Looking back on the "Bluebird" tree sit, ten years later

Ten years ago, an environmental activist climbed a tree in Brown’s Woods on the west side of town in an ultimately failed effort to prevent an apartment complex from being constructed. “Dolphin” would be the first to live in a tree that spring and summer, but she would not be the last. Eventually, police invaded the tree-sit and forced the activists out, clearing the way for the apartments to be completed.

The Bluebird tree-sit and the events that surrounded it had a significant impact on local politics. One of the opponents of the Canterbury development went on to challenge an incumbent Democratic county councilor and defeated him in the 2002 primary. No Republican bothered to file against David Hamilton, but the GOP couldn’t wait to challenge Lucille Bertuccio – and they won in the general election. One of the other tree sitters, Mike “Moss” Englert, narrowly lost to Joyce Poling in a race for county commissioner in 2004.

The Bluebird tree-sit was a big event in a series of more aggressive environmental activism, but it was also one of a series of events- including arsons of homes under construction, the firebombing of a poultry distribution plant and spiking of trees in Yellowwood State Forest – that turned off more moderate voters and helped the GOP gain control of county government in the 2002 elections. Republicans unseated an incumbent county commissioner for a 2-1 margin. In January of 2003, the Republican Party also held five of seven seats on the county council.

While concern about plans to remove trees was laudable, the tree sit was not morally or legally justifiable. The activists did not own the property, and therefore did not have the right to prevent development on it. So long as they are not harming anyone else, property owners should have the right to develop their own land without interference from government or “activists” who stand in the way of their rights.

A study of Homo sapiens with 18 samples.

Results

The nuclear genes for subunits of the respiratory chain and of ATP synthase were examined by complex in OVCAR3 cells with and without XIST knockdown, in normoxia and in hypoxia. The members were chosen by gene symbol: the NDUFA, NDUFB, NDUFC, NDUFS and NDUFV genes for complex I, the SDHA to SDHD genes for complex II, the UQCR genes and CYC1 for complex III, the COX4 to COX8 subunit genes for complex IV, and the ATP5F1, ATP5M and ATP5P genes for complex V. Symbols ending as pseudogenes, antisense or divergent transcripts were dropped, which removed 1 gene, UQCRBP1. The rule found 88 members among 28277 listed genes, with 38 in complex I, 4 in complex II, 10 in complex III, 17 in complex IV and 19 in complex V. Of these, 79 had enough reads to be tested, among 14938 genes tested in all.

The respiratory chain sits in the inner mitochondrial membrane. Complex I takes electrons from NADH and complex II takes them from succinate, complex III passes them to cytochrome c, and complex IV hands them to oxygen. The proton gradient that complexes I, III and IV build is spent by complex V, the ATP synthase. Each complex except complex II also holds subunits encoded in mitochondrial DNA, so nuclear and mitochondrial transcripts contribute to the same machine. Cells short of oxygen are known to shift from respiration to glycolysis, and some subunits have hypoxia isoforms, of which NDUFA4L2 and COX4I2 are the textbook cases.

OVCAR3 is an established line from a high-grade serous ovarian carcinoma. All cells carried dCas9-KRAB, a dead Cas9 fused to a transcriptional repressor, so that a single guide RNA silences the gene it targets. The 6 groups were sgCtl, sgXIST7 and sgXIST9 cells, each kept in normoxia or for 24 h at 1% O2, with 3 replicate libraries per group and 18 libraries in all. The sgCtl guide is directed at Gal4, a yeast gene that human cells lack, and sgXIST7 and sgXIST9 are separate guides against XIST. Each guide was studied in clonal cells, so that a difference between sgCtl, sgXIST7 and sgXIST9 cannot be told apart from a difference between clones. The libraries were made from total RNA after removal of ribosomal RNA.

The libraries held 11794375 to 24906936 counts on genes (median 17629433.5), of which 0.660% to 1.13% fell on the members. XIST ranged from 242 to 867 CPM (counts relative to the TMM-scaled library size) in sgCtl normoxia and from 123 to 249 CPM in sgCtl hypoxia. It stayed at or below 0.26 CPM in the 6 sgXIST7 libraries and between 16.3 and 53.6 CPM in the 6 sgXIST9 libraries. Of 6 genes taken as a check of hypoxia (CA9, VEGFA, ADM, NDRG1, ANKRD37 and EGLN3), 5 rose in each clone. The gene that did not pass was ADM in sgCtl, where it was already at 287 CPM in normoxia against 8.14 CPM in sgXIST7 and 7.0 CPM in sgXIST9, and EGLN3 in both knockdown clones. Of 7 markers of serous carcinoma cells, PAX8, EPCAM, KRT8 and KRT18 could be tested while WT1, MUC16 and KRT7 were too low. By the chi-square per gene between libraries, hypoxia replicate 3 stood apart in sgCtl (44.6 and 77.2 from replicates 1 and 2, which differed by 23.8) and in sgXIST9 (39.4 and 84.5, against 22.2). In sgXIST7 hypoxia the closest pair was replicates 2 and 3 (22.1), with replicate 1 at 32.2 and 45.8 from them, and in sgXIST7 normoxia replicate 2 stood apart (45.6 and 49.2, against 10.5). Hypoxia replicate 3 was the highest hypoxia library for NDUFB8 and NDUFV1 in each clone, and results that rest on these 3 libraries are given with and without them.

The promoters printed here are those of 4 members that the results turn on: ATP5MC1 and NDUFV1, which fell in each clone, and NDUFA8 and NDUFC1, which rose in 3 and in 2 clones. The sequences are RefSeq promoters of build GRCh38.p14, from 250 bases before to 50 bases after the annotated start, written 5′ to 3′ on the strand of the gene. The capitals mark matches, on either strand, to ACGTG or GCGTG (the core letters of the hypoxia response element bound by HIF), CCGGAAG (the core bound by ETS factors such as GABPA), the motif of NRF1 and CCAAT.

But while property rights should be protected, there was no need for the county council to approve $10 million in tax-free bonds. I spoke against the bonds at the June 12 county council meeting, joining with environmentalists in an interesting (if rare) alliance. If a project is economically feasible, a developer should not need a financial boost from government to help it along. The council’s vote was seen as adding insult to injury by people already bitterly opposed to the project, which is one of the reasons why it sparked so much outrage.

Even so, the near-riot that shut down the meeting was inexcusable. There are always times when public policy votes do not go the way we want them to go. I have rebuked the city council every year since 1999 for giving money to Planned Parenthood. I’ve spoken against decisions to designate a property as “historic” over the objection of the property owner and I’ve spoken against efforts to restrict smoking in “public places.” But while I am tilting at windmills virtually every time, I am obligated to maintain basic civility. Those of us involved in politics will win some arguments and we will lose some, but we cannot shout down elected officials and shut down meetings.